Bristly Greenbrier

Smilax hispida (syn. S. tamnoides var. hispida)

Bristly_Greenbrier_Smilax_hispida.jpg

Illustration of bristly greenbrier leaves, flowers, fruit
Bristly greenbrier, Smilax hispida
Paul Nelson
Thorny
Edible
Other Common Name
Catbrier
Family

Smilacaceae (greenbriers)

Description

Bristly greenbrier is a stout, perennial woody vine with bristlelike black spines, climbing high by tendrils to a length of 40 feet.

Leaves are alternate, simple, 2–6 inches long, 2–5½ inches wide, oval, egg-shaped, heart-shaped, to broadly lance-shaped; tip blunt to pointed; margin entire but sometimes minutely toothed; upper surface green, smooth, shiny, with the 5–7 main veins sunken; lower surface paler, smooth. Leaf stalk gradually expands into the blade, often twisted and bent. Leaves persist into winter. This greenbrier species is among the most variable in leaf size and shape.

Stems are green with minute white dots, finely grooved, with few or no prickles on the outer branches; young prickles yellow, older prickles black throughout, round, bristlelike; tendrils arise in pairs at the base of leaf stalks. Bark is green to brown, hard, densely covered with prickles and hairs; prickles on bark nearly black, up to ¼ inch long.

Flowering is in May–June. Flowers yellowish green, small, with male and female flower clusters on the same plant, in clusters of 5–26 flowers; cluster stalks ½–1¼ inches long, much longer than the leaf stalks; petals 6.

Fruits mature September–October. Fruit a bluish-black berry, usually lacking a whitish coating, about ¼ inch thick, globe-shaped; cluster stalks flattened and much longer than the leaf stalks. Seeds usually 1 (sometimes 2) per fruit.

Key Identifiers

 

  • Leaf margins are not thickened (unlike those of S. bona-nox).
  • Leaves have few to many irregular white or transparent toothlike projections (use magnification).
  • Network of leaf veins is not thickened on the undersurface (only the parallel main veins are thickened).
  • Leaves are never fiddle-shaped (unlike those of S. bona-nox).
  • Flower cluster stalks are much longer than the leaf stalks at their base.
  • Leaves are not waxy on the undersurface, and undersurface is not paler than upper surface.
Size

Stems can be more than 42 feet long.

Bristly_Greenbrier_Runge_10-4-14.jpg

Photo of bristly greenbrier leaves
Bristly Greenbrier Leaves
The upper surface of bristly greenbrier leaves is shiny, with the 5–7 main veins sunken.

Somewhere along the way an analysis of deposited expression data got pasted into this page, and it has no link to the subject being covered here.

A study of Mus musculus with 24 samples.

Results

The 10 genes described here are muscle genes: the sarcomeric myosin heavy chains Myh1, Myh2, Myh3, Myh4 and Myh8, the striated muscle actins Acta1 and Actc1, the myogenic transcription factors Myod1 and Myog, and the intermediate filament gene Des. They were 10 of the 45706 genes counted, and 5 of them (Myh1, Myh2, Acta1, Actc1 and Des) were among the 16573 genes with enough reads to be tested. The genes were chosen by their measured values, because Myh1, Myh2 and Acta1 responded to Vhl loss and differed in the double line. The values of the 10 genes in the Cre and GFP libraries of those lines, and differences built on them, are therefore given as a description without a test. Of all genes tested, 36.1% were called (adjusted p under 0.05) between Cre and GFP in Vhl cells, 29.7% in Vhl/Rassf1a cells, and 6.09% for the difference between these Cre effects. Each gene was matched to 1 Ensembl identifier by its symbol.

Habitat and conservation

Occurs in mesic forests and stream banks, often in thickets, less commonly in drier forests, along edges of glades and prairies, and in fencerows. This is the most common species of Smilax in Missouri, and it almost certainly grows in every county.

Distribution in Missouri

Scattered throughout the state.

Status

The greenbrier family is one of the few groups of monocot plants that can have woody stems. (Other monocots include grasses, orchids, lilies, and cattails.) There are 8 species of Smilax in Missouri; 4 are woody, perennial, and bear prickles (the stems are stout and are not easily crushed), and 4 are herbaceous, annual, and lack prickles (you can easily crush the stems, even when dry). If you have a hard time distinguishing between the different Smilax species, don’t feel bad; professional botanists often have trouble, too, especially if specimens are incomplete.

Human connections

Joel Chandler Harris’s well-known “Tar-Baby” story, with its roots in African and Native American folklore, famously has the trickster character Br’er Rabbit beg his ruthless captor, Br’er Fox, to please not fling him into the brier patch — which the mean-spirited fox does, not realizing the thorny thicket is exactly where the rabbit goes to escape his enemies. Many have suggested that this and similar nature tales were ways that enslaved Africans metaphorically depicted a triumph over their own captors.

With proper pruning, this species can be trained into a hedge plant that will provide superior cover for birds and small mammals.

The various species of greenbriars have a long history of human use. Young, tender shoots can be eaten like asparagus. The rootstocks can be made into a beverage similar to root beer. There are purported medicinal uses as well.


The fruit is eaten by several species of birds, including cardinals, bobwhite, wild turkey, and ruffed grouse. Several mammals eat the fruits, too. The leaves, stems, and fruit are browsed by deer. The impenetrable thickets of the sprawling, prickly stems are great cover for birds and small mammals. Brown thrashers, gray catbirds, and many other songbirds use it for nesting habitat.